By Karen Meeks     3/13/2017

In daily life, the calendar is essential in marking moments both significant and mundane, whether it’s a doctor appointment, personal milestones such as birthdays, or terrible tragedies such as 9/11.

The point of a calendar is to keep track of things not to be forgotten. For Catholics, the liturgical calendar is an intrinsic part of remembering the life of Jesus Christ.

“We follow our traditions and our practice and expressions of faith through the calendar,” says Fr. Troy Schneider, parochial vicar at Holy Family Cathedral in Orange. “There is a rhythm that mirrors the life, suffering and death of Jesus Christ in the calendar. These are our seasons.”

The calendar is not some abstract, distant reality; it’s an ever-present invitation for Catholics to experience anew and live as Christ and the saints in one’s own life, says Monsignor Arthur A. Holquin, episcopal vicar for Divine Worship for the Diocese of Orange.

“The liturgical calendar invites us to journey with the Lord and his holy ones, and we imagine and experience sacramentally the saving mysteries and the grace flows from that,” Holquin says. “In other words, the calendar is an invitation for us to prepare our heart and mind to embrace the incarnated Christ in our own lives, celebrating the journey of our Lord to Jerusalem and experience the grace of redemption through his cross and resurrection or to be with the disciples in the upper room for the birth of the church at Pentecost.”

And because it closely follows Christ’s life, the liturgical calendar takes on consecrated significance.

“At the heart of the Christian faith is the belief that God entered time and we call that the incarnation,” Holquin says.

When God took human flesh in time, time became transformed and in a very real sense became sacred for Christians, he says.

“Jesus and his ministry were exercised at a particular time and we view time as sacramental with a small ‘s’ — that time holds the potential of revealing or disclosing the holy to us,” Holquin says.

The liturgical calendar consists of six seasons that starts with Advent, the four weeks leading up to the birth of Christ, and follows with Christmas, Lent (40 days of penance and fasting), the Sacred Paschal Triduum (the three holiest days of the year commemorating Christ’s suffering, death, and resurrection), Easter and Ordinary Time, the two stretches of time after Christmas and Easter that focus on Christ’s teachings.

While the liturgical calendar starts with the advent season, its actual creation is rooted in Christ’s death and resurrection. In the first and second centuries, early Christians adopted their version of the Jewish Sabbath — a chosen day in the week to rest and reflect — as a weekly way to remember Christ.

“The first important feast of the calendar is Sunday, and Sunday remembers the Lord’s Resurrection,” Holquin says. “Christians gathered on the first day of the week, Sunday, the first of the days connected to the calendar.”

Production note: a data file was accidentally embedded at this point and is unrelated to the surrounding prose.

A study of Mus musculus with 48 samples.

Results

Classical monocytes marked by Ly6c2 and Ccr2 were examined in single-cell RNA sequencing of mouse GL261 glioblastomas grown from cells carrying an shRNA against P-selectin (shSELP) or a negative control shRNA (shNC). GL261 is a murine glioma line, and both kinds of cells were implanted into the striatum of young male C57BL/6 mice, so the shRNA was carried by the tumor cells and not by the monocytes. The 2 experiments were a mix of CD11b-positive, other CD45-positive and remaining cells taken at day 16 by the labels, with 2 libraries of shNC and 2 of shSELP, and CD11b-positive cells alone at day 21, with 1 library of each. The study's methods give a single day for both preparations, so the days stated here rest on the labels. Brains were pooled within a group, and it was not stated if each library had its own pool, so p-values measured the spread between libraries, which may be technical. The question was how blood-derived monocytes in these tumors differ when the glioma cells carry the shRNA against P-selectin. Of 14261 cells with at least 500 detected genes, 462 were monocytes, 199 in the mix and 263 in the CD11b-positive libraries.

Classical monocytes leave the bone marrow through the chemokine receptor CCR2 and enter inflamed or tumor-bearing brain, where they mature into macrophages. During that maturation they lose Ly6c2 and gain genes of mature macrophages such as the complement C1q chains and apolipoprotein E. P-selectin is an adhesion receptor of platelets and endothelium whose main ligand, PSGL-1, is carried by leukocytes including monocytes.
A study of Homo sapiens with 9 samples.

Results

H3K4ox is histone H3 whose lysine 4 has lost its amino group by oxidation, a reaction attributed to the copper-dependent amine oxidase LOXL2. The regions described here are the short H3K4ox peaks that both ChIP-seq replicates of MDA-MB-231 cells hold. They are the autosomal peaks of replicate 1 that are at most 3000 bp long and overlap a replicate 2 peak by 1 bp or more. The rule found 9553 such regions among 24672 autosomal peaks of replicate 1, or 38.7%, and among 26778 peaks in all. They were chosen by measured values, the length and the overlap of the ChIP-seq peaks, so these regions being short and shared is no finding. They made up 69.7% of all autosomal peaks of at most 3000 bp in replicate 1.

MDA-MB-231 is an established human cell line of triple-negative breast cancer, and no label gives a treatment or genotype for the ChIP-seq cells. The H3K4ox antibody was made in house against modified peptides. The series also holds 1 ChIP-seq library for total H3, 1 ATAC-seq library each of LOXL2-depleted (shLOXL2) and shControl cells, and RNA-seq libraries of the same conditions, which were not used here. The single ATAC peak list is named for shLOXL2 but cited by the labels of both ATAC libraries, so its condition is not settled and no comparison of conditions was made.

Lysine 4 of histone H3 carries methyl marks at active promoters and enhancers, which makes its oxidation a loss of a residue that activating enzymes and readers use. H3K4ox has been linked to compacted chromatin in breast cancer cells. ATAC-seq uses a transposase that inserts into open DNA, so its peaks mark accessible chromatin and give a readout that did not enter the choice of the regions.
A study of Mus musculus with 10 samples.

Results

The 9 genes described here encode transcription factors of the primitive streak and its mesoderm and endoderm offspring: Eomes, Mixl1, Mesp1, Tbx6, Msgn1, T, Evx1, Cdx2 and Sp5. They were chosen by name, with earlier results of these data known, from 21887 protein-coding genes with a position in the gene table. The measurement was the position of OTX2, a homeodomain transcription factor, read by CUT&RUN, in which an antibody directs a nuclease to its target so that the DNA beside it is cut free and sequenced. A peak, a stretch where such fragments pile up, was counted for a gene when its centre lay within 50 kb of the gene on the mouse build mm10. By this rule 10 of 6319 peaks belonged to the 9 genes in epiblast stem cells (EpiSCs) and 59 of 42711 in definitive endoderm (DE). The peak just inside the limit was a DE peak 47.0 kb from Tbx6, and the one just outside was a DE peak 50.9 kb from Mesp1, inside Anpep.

In the second Century, Easter, the ultimate Sunday celebration, was among the first events marked on the liturgical calendar. (Christmas would follow later. Although Christ’s incarnation was honored in some form in the early days of Christianity, the first formal feast of Christ’s nativity wasn’t established until the fifth century by Pope Leo I.)

Determining when to celebrate Easter became the catalyst for the Gregorian calendar, the solar calendar now followed throughout the world. Both calendars were being developed concurrently in the years leading up to 1582, when Pope Gregory XIII introduced the calendar as a way to correct the Julian calendar and align the lunar cycle to the time of year the early church celebrated Easter.

It took awhile for the rest of the world to adopt the calendar since Pope Gregory’s reach was limited to the Catholic Church. But Philip II of Spain’s decision to switch from Julian to Gregorian calendar impacted much of heavily Roman Catholic Europe. Other countries would eventually follow suit, including Britain and the territory that would become early America in 1752.

Meanwhile, the liturgical calendar evolved into a more complicated system, and by the seventh or eighth century, the general outline of the calendar widely known today took shape. Other major events were honored, such as Pentecost and Ascension. Also added were days honoring the heroes of the faith, including Mary, the mother of God, and the saints who emulated Christ and/or were martyred for their belief in Him.

Pope Pius V in 1568 declared that the universal calendar setting the feast days and their dates which would be celebrated throughout the whole Church.

The liturgical calendar would take on several reforms over the years, most recently with the Second Vatican Council. Popes have also re-evaluated the calendar, adding or removing the number of feast days of saints over the years. One of the more recent feast days added to the calendar was the Sept. 5 feast day of Mother Teresa, now Saint Teresa.

Today, the liturgical calendar is followed by millions of Catholics around the world, creating what Schneider calls the collective heartbeat of the church.

“Our prayer, our liturgy becomes — literally in Greek ‘leitourgía’ — the work of the people,” he says. “And how do we express the work of the people? Through prayer. And it’s through prayer, liturgy, that we hear the heartbeat of Christ. It’s one of the things that help unite us as Catholics.”